So, it’s been about a week of PSN being down.
The story seems to be that at some point in mid-April, someone hacked the Playstation Network. In response, Sony just straight shut down PSN to deal with it. They didn’t tell anyone for a week why it was down, which is super nice of them. They’ve just recently announced that they hope to have it back up in about a week. Oh! Also, if you’ve ever bought anything on PSN, your credit card info, birthdate, and (presumably) secure password might have been stolen. But they don’t really know that’s true so they figure eeeeh they’ll let you deal with that as you will. And maybe not really tell you in any way, shape, or form! People are reporting that they’ve not received any sort of email notice even now of PSN being down, much less that they might have to get a new card number. They did put an update on their blog, though.
For your security, we encourage you to be especially aware of email, telephone, and postal mail scams that ask for personal or sensitive information. Sony will not contact you in any way, including by email, asking for your credit card number, social security number or other personally identifiable information. If you are asked for this information, you can be confident Sony is not the entity asking. When the PlayStation Network and Qriocity services are fully restored, we strongly recommend that you log on and change your password. Additionally, if you use your PlayStation Network or Qriocity user name or password for other unrelated services or accounts, we strongly recommend that you change them, as well.
To protect against possible identity theft or other financial loss, we encourage you to remain vigilant, to review your account statements and to monitor your credit reports. We are providing the following information for those who wish to consider it:
U.S. residents are entitled under U.S. law to one free credit report annually from each of the three major credit bureaus. To order your free credit report, visit www.annualcreditreport.com or call toll-free (877) 322-8228.
Of course, Sony only recently released the PSP Go, a device that entirely depends on PSN for all of it’s content. Hope you didn’t buy one in the past week, because it’s a brick. And I mean, frankly, I guess I’d recommend not ever buying one because get this: PSN apparently isn’t that stable or secure a service!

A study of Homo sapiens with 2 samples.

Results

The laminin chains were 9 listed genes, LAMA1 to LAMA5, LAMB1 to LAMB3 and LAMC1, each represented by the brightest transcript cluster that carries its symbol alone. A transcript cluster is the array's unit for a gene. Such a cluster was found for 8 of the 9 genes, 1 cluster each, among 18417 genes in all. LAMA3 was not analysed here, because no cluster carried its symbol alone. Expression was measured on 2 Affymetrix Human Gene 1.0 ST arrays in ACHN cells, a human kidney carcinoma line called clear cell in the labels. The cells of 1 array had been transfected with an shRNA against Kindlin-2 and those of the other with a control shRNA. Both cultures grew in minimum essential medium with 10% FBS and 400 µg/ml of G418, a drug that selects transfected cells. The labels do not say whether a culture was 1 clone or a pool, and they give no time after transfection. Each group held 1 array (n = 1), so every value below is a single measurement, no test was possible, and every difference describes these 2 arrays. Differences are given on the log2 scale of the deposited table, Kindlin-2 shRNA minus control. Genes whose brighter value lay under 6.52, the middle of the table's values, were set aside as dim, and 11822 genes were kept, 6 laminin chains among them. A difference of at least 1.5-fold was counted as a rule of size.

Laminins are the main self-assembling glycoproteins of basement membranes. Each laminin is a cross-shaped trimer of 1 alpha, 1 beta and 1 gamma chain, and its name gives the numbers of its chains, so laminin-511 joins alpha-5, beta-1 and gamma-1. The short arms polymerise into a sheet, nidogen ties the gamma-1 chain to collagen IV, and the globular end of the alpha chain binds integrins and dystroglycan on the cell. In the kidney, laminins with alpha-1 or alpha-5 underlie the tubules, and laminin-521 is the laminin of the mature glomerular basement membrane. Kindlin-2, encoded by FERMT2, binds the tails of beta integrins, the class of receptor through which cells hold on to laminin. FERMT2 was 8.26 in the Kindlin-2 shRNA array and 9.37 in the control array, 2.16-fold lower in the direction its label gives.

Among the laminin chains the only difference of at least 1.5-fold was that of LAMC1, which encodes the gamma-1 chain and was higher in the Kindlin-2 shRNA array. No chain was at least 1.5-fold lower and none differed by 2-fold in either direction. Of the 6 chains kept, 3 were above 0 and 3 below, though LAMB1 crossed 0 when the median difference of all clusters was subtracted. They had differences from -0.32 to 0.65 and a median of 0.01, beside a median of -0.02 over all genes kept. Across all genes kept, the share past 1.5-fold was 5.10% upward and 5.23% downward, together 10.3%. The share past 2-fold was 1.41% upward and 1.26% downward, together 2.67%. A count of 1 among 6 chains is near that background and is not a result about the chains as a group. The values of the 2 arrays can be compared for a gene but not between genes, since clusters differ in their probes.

I think this would rile a bit less if they hadn’t simply been mute for a week about it. They probably hoped it was something they could resolve in a weekend and then pretend was some sort of routine downtime.
Edit: I just saw a great write-up about this on Eurogamer.
The pull quote?
The whole notion that password details have been taken defies belief. There’s a reason that most internet sites can’t tell you what your own password is and can only reset it – it’s because the server itself doesn’t actually store it at all. Your chosen password is hashed when it’s first transmitted, and only this checksum is stored. When you enter your login, the password is hashed again and compared to what is on the system – if we have a match, you are granted access.
In short, there is no actual need whatsoever for your password to be stored server-side at all. Sony’s statement suggests that it was actually storing sensitive information in plain text format, which defies belief. The only other explanation is that hackers only got access to the hashes and may have compromised a small minority of passwords by running this data through something like a dictionary look-up. However, from the tone of Sony’s apology this does not appear to be the case.
Seriously, get your shit in order and avoid suspicious requests, people who use PSN. Name and address are enough for a clever fraud, much less the extra shit Sony may have unnecessarily made vulnerable.